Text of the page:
Out to Old Aunt Mary’s, by James Whitcomb Riley
Five out of five stars
I am old enough to have memories of relatives that did what is commemorated in this book of poetry. Decades ago, it was very common for children of the city to spend extended periods of time during summer vacation with relatives that lived in the country and raised much of their own food. The purpose was to visit but to also provide additional labor that was relatively cheap. The cooking was generally very good and in many cases, the child returned with many fond memories and some added weight. When he was in his early teens my older uncle Kevin spent a summer with his aunt and uncle on their farm and he had a roll of fat around his middle when he got back.
This story in rhyme features two boys in cutoff jeans, with bare feet and a lot of energy to expend. There is talk of the barn lot, the smell of cherry blossoms and homemade jam, jelly, pies and honey from the hives. All good things, even visits to old Aunt Mary’s, must have a conclusion and this story ends with the passing of Aunt Mary. Peacefully in her bed, covered by a homemade quilt and looked over by a beautiful angel.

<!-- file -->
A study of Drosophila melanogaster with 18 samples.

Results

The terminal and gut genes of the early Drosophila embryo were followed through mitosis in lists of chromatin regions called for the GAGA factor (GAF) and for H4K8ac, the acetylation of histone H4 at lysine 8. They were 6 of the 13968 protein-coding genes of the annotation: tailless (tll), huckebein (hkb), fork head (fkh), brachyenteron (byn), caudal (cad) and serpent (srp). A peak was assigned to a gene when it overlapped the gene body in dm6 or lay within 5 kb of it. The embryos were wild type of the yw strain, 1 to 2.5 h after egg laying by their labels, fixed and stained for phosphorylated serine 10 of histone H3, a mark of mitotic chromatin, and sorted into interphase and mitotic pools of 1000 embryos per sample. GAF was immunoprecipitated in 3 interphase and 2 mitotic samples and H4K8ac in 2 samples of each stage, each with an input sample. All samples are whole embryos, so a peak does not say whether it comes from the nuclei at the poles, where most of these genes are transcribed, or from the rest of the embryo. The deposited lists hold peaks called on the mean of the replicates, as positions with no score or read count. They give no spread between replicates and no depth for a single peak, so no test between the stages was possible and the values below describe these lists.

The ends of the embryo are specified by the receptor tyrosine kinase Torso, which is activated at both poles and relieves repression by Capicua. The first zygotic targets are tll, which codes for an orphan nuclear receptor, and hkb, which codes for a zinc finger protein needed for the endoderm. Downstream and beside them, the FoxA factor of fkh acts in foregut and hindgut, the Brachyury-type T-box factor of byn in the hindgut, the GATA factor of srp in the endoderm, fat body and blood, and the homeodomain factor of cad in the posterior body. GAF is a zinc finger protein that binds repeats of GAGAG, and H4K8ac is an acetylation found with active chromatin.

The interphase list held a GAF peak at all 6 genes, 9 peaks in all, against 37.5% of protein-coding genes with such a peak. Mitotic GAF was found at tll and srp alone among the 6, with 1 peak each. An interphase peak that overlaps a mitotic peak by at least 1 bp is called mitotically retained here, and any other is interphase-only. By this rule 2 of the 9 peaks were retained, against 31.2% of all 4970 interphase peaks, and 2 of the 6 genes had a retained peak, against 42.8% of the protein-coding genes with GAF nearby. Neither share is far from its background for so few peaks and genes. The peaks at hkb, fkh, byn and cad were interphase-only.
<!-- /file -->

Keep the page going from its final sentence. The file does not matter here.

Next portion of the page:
Originally published in 1887, this book is an ode to a simpler and in many ways better time. Boys were expected to work, but they were also allowed the freedom to roam and explore, making their own entertainment. Every day was different and exciting, there was no such thing as packaged entertainment for children of that era and they had no need of it.